Border Patrol seizes enough fentanyl to kill all Americans

The amount of drugs seized in July is capable of killing 470 million people, almost 150% of the entire population.

Customs and Border Protection reported seizing 2,071 pounds of fentanyl from Mexico in July. This is 60% more than the previous record, set in April, and more than triple the 640 pounds seized in June.

Two milligrams of fentanyl is lethal, meaning that last month's seizures are enough to kill 470 million people, nearly 150% of the country's entire population. The Washington Times reported that about two-thirds of the fentanyl seized in July came through the southern border, in the state of California.So far this year CBP has seized a total of 10,500 pounds of fentanyl.

Record seizures

Fentanyl has become the narcotic of choice for traffickers entering the country from Mexico. In 2021, CBP seized more of the drug than heroin for the first time. Most of the illicit fentanyl circulating in the United States is manufactured in clandestine laboratories belonging to Mexican drug cartels, using chemicals shipped from China.

Seizures of the drug in May totaled 951 pounds, roughly quadruple the 240 pounds seized in the same month in 2021. Recent individual busts include quantities that equal entire months of seizures in previous years. In late July, Border Patrol agents seized 250 pounds of fentanyl in a single bust. Earlier that month, they discovered 100 pounds hidden in food packages as traffickers attempted to enter the country near San Diego.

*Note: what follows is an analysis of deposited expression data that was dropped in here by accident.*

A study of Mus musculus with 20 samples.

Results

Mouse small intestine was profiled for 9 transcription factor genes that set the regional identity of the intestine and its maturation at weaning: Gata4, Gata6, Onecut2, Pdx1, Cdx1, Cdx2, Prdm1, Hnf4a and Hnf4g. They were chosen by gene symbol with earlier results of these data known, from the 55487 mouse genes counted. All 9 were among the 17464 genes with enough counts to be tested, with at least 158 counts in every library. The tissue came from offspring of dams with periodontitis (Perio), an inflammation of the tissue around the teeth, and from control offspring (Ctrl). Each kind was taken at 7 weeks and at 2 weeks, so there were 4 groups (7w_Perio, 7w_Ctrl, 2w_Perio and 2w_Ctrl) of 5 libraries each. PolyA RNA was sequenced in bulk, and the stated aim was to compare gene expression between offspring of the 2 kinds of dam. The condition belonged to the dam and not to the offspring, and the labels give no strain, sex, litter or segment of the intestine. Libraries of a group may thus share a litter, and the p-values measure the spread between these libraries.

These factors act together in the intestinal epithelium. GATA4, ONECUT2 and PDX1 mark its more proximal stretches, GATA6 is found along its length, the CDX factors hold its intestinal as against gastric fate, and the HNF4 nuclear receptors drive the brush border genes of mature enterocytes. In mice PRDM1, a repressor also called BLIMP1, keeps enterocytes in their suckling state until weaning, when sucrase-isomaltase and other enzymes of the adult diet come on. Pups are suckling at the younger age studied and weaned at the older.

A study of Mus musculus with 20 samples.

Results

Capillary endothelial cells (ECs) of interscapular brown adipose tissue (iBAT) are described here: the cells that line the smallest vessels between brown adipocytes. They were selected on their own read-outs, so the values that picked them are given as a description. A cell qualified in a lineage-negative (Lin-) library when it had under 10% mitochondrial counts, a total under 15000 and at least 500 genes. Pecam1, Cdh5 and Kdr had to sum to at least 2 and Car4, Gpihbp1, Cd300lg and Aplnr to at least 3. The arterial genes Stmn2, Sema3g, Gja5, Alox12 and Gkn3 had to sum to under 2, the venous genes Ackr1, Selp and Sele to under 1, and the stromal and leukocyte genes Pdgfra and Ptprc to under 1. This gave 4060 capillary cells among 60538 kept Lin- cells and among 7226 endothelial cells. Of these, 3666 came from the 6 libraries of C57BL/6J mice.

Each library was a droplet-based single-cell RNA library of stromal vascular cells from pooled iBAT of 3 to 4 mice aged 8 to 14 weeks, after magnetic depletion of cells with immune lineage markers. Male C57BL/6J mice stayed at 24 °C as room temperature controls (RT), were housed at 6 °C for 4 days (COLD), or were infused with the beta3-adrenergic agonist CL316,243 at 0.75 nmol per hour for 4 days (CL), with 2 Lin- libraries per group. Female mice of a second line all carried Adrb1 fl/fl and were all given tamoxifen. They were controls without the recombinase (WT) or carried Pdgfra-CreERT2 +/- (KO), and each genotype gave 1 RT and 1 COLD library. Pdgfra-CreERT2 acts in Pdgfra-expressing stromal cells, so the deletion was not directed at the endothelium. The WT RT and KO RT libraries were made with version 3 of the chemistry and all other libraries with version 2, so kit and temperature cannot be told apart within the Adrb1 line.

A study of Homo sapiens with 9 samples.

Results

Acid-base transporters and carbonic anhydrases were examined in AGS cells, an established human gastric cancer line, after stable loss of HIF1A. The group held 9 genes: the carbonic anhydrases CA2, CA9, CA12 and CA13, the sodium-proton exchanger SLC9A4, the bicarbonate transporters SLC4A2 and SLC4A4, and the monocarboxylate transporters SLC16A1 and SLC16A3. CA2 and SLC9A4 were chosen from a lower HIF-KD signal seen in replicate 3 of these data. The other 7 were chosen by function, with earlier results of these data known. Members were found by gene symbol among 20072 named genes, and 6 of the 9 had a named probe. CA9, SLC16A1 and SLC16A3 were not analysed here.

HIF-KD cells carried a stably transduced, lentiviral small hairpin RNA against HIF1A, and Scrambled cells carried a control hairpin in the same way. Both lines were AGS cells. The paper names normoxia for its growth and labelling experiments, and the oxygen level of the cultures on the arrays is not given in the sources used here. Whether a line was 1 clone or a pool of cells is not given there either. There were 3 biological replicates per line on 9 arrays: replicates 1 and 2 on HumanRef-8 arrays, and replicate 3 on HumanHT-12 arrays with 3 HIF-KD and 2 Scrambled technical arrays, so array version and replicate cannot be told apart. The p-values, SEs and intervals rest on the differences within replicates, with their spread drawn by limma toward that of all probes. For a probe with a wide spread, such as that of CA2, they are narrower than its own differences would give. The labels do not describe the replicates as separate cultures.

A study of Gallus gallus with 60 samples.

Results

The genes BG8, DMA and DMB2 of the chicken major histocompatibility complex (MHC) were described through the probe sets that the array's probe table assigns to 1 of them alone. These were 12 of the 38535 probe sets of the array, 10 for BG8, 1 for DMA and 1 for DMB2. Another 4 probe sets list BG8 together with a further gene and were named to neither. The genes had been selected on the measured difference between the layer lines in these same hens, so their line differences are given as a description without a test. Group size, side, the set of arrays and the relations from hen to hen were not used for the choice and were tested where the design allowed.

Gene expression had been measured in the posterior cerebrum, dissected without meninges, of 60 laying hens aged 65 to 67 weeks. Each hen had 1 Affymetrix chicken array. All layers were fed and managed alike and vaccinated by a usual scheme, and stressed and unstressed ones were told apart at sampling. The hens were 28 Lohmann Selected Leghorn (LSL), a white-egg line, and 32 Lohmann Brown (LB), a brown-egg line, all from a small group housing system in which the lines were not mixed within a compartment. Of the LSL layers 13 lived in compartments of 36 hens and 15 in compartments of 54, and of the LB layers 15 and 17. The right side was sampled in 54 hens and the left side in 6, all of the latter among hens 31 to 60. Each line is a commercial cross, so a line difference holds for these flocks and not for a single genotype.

The drug's potency is such that one cup of heroin is equivalent to one tablespoon of fentanyl. Because it is a much more potent drug, less is needed to fill a pill, which generates greater supplies and profits for the cartels. Two pounds of pure fentanyl can be obtained for up to $12,000 and turned into half a million pills that will sell for about $30 each, netting millions of dollars.

Deaths at historic levels

The opioid crisis in the country has reached historic highs with more than 80,000 overdose deaths last year, with the majority of these deaths caused by illicit synthetics such as fentanyl. In the year ending in February 2022, the number of overdose related deaths exceeded 100,000. The number of deaths is seven times the number recorded a decade ago.

Deaths are rising rapidly among young people who obtain drugs on social networks with counterfeit prescriptions. The pills they buy, many unknowingly, come laced with fentanyl. In 2019, 493 teens died from overdoses. In 2021, the figure was 1,146. Four out of every 10 pills seized contain lethal amounts of fentanyl.

Most lethal drugs

The number of Americans using drugs has stayed about the same in recent years, but how lethal they have become has changed, according to Wilson Compton, deputy director of the National Institute on Drug Abuse.